The Simple Secret of… Complexity?

There’s a book, “Making Sense of Wine,” by author Matthew Kramer.

In it, Kramer writes: “What constitutes quality in wine?… The single greatest standard used in assessing a wine’s quality is its complexity. The more times you can return to a glass of wine and find something different in it — in the bouquet, in the taste — the more complex the wine.”

Could the same lesson apply to writing articles, ezines, or sales letters?

If it is, it’s one that flies in the face of conventional web wisdom. Usually, the writer’s mantra is “K.I.S.S.” (Keep It Simple Stupid). And most of the time, this rule works just fine. As does another you’ve seen me talk about here or in the weekly CR e-letter (sign up if you haven’t already), called the principle of “The Power of One.” The idea being that when you want to get a message across, the tither you can bundle it up for the reader, the better.

Yet, we also know that writing — especially the kind of writing we do in sales letters and even more so, editorially — is more and more about building relationships. And aren’t relationships built layer upon layer with complexities?

Here’s more from Kramer…

“It appears that we are, in fact, set up to respond favorable to complexity. Decades of work in experimental psychology have revealed that when people are free to choose between a simple visual image and a more complex one, they gravitate to the complex… Even our alleged neurological compatriot, the laboratory rat, has demonstrated a preference, over time, for more complex stimuli over simple.”

But if that’s true, doesn’t the idea of “keeping it simple” fall apart?

Kramer continues: “One researcher in the field employs the notion of disorder or entropy. The more things are jumbled, the more ‘information’ can be conveyed at one time. The trick is our ability to sort it out and make it meaningful. In short, there must be both pattern and complexity for sustained interest… For something to be truly satisfying, especially after repeated exposure, it must continually surprise us and yet we must be able to grasp these surprises as part of a larger and pleasing pattern.”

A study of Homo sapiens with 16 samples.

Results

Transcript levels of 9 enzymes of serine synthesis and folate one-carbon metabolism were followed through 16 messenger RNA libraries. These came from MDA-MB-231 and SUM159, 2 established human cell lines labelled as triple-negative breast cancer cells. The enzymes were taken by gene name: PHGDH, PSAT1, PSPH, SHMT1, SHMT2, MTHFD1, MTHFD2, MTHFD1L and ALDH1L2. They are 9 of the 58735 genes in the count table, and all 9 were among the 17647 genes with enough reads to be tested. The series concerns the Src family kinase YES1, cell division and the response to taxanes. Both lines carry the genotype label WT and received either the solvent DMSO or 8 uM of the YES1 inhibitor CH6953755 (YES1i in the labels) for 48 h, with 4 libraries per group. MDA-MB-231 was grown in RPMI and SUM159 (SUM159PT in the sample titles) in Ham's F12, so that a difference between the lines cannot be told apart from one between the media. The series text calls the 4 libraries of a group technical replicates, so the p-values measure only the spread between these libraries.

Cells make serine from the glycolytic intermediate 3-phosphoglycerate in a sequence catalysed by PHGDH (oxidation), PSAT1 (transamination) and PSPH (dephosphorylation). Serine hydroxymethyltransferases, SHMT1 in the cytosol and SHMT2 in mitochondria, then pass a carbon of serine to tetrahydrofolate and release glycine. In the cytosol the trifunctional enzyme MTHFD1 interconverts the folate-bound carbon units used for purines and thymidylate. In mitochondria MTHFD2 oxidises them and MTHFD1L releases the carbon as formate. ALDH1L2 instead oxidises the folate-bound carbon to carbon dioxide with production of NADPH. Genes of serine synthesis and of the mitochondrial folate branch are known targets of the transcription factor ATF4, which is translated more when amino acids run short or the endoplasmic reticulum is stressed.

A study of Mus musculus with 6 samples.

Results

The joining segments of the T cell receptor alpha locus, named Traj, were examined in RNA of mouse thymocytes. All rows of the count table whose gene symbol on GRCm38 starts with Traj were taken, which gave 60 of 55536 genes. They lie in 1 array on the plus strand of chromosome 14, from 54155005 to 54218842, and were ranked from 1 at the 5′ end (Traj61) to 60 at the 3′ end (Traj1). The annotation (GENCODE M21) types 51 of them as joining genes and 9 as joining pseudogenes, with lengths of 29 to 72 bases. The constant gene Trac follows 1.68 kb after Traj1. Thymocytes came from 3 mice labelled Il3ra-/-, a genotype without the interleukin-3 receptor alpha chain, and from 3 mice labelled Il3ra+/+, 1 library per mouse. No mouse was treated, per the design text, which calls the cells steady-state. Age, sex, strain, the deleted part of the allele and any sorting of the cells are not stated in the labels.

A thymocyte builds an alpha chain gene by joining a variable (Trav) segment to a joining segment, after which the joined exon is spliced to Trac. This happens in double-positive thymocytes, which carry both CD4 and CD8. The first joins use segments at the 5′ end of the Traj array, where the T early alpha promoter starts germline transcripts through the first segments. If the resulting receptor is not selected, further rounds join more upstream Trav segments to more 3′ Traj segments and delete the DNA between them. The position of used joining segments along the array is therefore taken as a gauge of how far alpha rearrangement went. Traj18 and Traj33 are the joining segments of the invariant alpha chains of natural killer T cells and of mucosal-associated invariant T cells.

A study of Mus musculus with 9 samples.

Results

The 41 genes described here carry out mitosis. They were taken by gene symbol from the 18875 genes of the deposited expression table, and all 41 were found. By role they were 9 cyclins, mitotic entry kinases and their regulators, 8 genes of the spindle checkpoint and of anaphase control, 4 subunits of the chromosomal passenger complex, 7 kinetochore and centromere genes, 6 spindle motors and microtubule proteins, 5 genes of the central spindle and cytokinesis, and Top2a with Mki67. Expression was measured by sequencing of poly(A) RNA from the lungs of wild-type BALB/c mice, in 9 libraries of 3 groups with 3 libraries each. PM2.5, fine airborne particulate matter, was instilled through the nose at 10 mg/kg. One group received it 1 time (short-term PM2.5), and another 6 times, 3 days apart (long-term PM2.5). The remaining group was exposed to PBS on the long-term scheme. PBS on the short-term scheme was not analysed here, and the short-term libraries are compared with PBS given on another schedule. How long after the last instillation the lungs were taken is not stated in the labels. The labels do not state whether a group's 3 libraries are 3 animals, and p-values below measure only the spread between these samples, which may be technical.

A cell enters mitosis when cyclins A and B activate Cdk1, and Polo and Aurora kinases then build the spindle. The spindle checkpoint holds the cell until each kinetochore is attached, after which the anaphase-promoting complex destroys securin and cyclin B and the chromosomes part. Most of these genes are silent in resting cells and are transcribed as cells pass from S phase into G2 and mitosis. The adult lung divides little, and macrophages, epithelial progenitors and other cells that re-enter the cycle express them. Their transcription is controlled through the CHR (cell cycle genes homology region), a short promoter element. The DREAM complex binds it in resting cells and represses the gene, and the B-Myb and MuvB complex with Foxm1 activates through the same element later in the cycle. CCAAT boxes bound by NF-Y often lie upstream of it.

Rich. Complex. Consistently surprising.

That’s the juice we seem to want to squeeze not just out of grapes, but life. At least according to what Kramer’s saying. If we accept this as true, maybe there’s still a way to reconcile this insight and the one about the power of simplicity.

First, I’d say that yes, the relationship one builds with readers, either from the first paragraph of a piece of copy to the last or over a series of articles or issues or blog posts does need to grow and evolve. And as anyone knows, evolution is never simple.

Still, this doesn’t mean you can just jumble your ideas together. Even rich and layered relationships are united by a few very simple goals. Maybe even one simple goal, depending on whom you talk to. Even in a sales letter that drills home on one distinct message, the copy does many things to build trust, nurture a sense of urgency, intensify desire, and so on.

Second, I’d say that you can never discount the power of passion behind written ideas. You can’t write well about something you don’t believe in. And you write better about things you believe in strongly. I say this because passion about ideas, it seems to me, is the glue between the “power of one” single idea insight… and the context of complexity in which it can still be couched.